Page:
What happened to the live music industry after the COVID pandemic hit


LA is four months into safer-at-home orders, and coronavirus case numbers are rising. With no end in sight, much of life has moved online 

For the music industry, it’s not easy. 

Now that live performances have disappeared, artists say they’re using the unprecedented amount of time at home to be productive. 

Dorian Wood is a performing artist from LA. They say at first, that didn’t come easily.

“I felt the pressure of … ‘I have all the time in the world to create, so day one, I’ll create everything I’ve ever wanted to create when I need downtime.’ … And I realized it was very challenging to push myself in that direction.”

They’re also figuring out how to keep performing now that live concerts are on hold indefinitely. They’ve tried a virtual concert, but Wood’s living room doesn’t have the same vibe as a loud club full of people.


Dorian Wood says it took six weeks after the safer-at-home orders went into place before creating more material came naturally again. Photo courtesy of Dorian Wood.

But they still have to make a living. 

“My bread and butter for many years has been touring. I’m a performer who’s been touring Europe mostly for the past seven to eight years, and that's been my main source of income for a long time.”

They say they’re sustained by almost yearly summer and fall tours. But that option went away when much of Europe barred Americans from traveling there because of the high rate of coronavirus cases here. And concerts in California won’t resume until the final stage of Governor Gavin Newsom’s reopening plan, which some experts estimate won’t happen until 2021.

So they’ve invested some of the money they’ve saved and bought a nice camera for more virtual concerts and live streaming, to try to pay the bills.

“It’s far less revenue than what I’ve worked up towards in my career through live streaming,” they say. “That’s what’s been challenging, is trying not to cave under the pressure to do double the work to come up with a sustainable living throughout the remainder of the year and going into the next.”

LA singer-songwriter Mia Doi Todd says virtual concerts are time consuming. She had to spend more hours practicing for her virtual performances than her live ones.

“[In] a live performance, you can have mistakes and it’s okay. But a recorded performance is more like an album to me. And so I really wanted to get it as perfect as possible, so I spent every day practicing my songs.”

She says that income has helped pay the bills along with her husband’s unemployment check and support from her parents. But it’s not sustainable for the long term.

“The financial impact of not being able to tour, we’ll see how that plays out,” she says. “Musicians have a hard time making ends meet, coronavirus or no coronavirus. It’s not a stable career path, so uncertainty is written into it.”


The Hollywood Bowl has canceled its 2020 season due to COVID-19. Photo by vagueonthehow (CC BY 2.0).

Virtual concerts haven't exactly been a cash cow for venues either.

“We have a few on the books. But you can’t, it’s not sustainable in a way. Having even two concerts per week that people pay $15 for, at the end of the day, those are just donations,” says Raghav Desai, a talent buyer at a club in Highland Park called The Lodge Room.

He says the people “attending” the club’s virtual concerts are doing it more to support them rather than to experience live music. In a struggling economy, that generosity will eventually run out.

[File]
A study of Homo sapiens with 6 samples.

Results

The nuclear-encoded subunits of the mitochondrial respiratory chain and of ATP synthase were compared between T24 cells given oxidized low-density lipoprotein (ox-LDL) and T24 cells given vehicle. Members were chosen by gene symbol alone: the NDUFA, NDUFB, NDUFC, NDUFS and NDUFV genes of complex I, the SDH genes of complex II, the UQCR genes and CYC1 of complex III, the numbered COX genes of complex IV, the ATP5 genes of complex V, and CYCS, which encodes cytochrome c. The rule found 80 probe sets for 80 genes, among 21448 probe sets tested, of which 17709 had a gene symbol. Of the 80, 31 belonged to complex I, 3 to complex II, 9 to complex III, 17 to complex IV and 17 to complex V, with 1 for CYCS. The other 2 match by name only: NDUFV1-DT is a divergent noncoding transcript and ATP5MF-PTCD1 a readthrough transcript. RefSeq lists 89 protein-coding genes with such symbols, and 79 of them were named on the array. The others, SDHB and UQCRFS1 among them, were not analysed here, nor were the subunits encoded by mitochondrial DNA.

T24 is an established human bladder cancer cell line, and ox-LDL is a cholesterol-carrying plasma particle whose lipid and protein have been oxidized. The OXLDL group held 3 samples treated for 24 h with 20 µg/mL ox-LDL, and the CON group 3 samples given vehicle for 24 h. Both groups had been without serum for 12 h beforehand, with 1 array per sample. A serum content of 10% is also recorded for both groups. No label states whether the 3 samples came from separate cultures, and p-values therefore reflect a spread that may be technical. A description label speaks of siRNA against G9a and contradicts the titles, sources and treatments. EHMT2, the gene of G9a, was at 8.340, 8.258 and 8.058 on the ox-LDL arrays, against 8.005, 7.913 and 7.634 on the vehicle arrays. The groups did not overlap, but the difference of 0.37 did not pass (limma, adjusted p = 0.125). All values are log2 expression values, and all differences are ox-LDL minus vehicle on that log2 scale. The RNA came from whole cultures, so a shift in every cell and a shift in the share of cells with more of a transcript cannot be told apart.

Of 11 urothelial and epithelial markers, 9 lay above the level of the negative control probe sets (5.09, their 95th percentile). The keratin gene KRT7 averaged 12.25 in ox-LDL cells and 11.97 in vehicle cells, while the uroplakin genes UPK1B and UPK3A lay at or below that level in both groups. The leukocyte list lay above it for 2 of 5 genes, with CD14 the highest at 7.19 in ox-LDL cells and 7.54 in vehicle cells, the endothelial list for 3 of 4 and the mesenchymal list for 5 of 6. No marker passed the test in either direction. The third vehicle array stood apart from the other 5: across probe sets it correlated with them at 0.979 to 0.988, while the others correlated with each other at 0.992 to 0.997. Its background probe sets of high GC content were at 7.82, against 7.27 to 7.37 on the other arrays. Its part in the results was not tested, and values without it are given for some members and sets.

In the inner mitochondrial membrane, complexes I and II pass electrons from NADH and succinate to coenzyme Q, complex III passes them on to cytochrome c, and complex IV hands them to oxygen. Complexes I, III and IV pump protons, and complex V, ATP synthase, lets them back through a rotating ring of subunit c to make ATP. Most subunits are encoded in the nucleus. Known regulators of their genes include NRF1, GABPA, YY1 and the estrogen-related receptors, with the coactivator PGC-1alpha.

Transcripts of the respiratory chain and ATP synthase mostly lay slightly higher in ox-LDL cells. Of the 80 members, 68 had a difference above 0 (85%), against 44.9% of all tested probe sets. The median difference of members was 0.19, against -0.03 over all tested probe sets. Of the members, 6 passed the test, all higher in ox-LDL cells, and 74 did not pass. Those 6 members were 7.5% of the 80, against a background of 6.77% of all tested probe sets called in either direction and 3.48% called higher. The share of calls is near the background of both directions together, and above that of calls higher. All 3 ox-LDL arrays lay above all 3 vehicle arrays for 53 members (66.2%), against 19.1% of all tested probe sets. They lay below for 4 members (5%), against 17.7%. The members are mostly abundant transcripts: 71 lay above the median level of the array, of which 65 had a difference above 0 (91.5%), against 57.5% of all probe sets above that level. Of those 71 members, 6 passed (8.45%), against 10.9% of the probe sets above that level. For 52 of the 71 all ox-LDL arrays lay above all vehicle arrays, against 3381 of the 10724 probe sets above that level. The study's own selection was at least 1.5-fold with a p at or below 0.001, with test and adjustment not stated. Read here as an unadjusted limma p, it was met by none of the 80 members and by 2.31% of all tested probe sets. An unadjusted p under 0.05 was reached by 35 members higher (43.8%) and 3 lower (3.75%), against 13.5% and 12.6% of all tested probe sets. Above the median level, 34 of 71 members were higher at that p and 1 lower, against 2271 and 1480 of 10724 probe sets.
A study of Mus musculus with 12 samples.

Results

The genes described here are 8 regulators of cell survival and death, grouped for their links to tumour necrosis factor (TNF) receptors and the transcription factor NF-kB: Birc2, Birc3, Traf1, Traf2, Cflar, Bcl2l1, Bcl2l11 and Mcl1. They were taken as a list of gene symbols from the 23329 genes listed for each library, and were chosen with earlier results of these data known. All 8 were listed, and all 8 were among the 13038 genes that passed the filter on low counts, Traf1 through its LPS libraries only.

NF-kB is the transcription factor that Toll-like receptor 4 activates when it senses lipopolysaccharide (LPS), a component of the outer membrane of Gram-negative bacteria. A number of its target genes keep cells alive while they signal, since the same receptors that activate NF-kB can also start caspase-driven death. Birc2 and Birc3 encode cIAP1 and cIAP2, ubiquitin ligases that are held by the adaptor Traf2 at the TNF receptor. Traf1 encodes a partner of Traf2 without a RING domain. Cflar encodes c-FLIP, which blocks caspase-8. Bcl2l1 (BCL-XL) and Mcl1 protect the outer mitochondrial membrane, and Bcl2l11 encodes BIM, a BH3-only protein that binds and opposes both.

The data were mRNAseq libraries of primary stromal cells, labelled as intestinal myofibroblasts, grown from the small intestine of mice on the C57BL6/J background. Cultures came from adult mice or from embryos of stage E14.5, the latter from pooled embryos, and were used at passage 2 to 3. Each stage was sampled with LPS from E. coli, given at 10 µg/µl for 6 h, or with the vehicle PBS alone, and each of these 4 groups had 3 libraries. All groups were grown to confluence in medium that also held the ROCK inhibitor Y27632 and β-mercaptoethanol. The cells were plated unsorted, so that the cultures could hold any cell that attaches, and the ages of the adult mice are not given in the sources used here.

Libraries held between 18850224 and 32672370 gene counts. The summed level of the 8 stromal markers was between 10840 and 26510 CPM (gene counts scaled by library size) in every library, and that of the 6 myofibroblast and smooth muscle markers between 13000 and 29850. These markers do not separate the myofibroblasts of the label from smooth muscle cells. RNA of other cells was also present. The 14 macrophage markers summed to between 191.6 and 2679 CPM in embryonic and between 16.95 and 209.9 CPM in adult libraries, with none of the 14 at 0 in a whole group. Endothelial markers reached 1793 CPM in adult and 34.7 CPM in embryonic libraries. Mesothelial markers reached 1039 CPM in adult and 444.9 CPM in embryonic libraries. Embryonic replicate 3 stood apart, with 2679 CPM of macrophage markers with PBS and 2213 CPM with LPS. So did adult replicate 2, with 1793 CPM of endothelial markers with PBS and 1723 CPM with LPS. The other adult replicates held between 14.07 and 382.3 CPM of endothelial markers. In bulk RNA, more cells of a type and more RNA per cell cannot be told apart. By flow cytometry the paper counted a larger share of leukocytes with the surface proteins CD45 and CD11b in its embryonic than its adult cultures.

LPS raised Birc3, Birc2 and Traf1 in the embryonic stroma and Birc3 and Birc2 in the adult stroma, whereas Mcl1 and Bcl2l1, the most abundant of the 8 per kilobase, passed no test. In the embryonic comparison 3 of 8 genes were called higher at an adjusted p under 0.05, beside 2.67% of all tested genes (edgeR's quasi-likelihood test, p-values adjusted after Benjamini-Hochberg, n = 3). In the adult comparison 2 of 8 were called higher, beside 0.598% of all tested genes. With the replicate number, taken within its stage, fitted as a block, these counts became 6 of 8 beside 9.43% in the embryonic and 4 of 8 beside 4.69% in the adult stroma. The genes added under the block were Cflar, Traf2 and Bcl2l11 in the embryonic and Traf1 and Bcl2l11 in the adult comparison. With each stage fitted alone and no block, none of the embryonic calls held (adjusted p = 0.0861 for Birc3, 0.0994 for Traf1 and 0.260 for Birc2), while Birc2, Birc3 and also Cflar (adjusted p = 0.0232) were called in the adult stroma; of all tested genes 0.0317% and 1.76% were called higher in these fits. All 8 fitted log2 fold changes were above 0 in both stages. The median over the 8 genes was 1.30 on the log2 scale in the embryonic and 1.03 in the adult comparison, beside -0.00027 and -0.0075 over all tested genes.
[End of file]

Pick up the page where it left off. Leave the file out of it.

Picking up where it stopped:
“There’s just something irreplaceable about the live experience. You’re there, connected to a band in a tangible way that’s not easy to make up for,” he says.

In the meantime, many of the 85 people who work at the Lodge Room have lost their jobs. They include bartenders, bouncers, light and sound technicians, and ticket sellers. That might mean less overhead, but owner Dalton Gerlach says they’re still losing money. And they can only dip into savings for so long.

“Through the end of the year if we have to stay closed, we’ll be fine, even into next year a little bit. And then any further it gets dicey, and we’ll have to figure it out if it goes deeper into 2021.”

Venues across the country now face the threat of permanent closure. The Troubadour in West Hollywood started a GoFundMe to stay alive. The 60-year-old venue called survival “a big if.” It’s one of thousands of venues asking Congress for financial help.

Whenever live music starts again, if smaller venues like The Lodge Room and the Troubadour survive, they could have an easier time bouncing back as people get more comfortable being in crowds again. That would mean artists might rather play several nights at a smaller venue than one night in a larger one.

“People would rather be in a club with 400 than be in a seated theater with 1500 people. Interesting to see how Hollywood Bowl or the Greek Theatre handle this. They’re operating at a capacity at 10, 15, 17 thousand people,” Desai says. 

Dorian Wood says like many artists, the financial uncertainty isn’t new to them. But this time around, it’s a lot harder to come up with a backup plan.

“It’s hard to say I’ll just go back. … Even like retail jobs aren't going to be as available to someone like me. I’m in my mid-40s, I have underlying health issues as they say. I can’t just easily enter a work situation that’ll put my health in jeopardy until there is a vaccine for COVID.”

 Mia Doi Todd had to put off completing her latest album when her daughter’s school closed. Now she says she’s working as fast as she can to get the record released and bring in some income before the end of the year.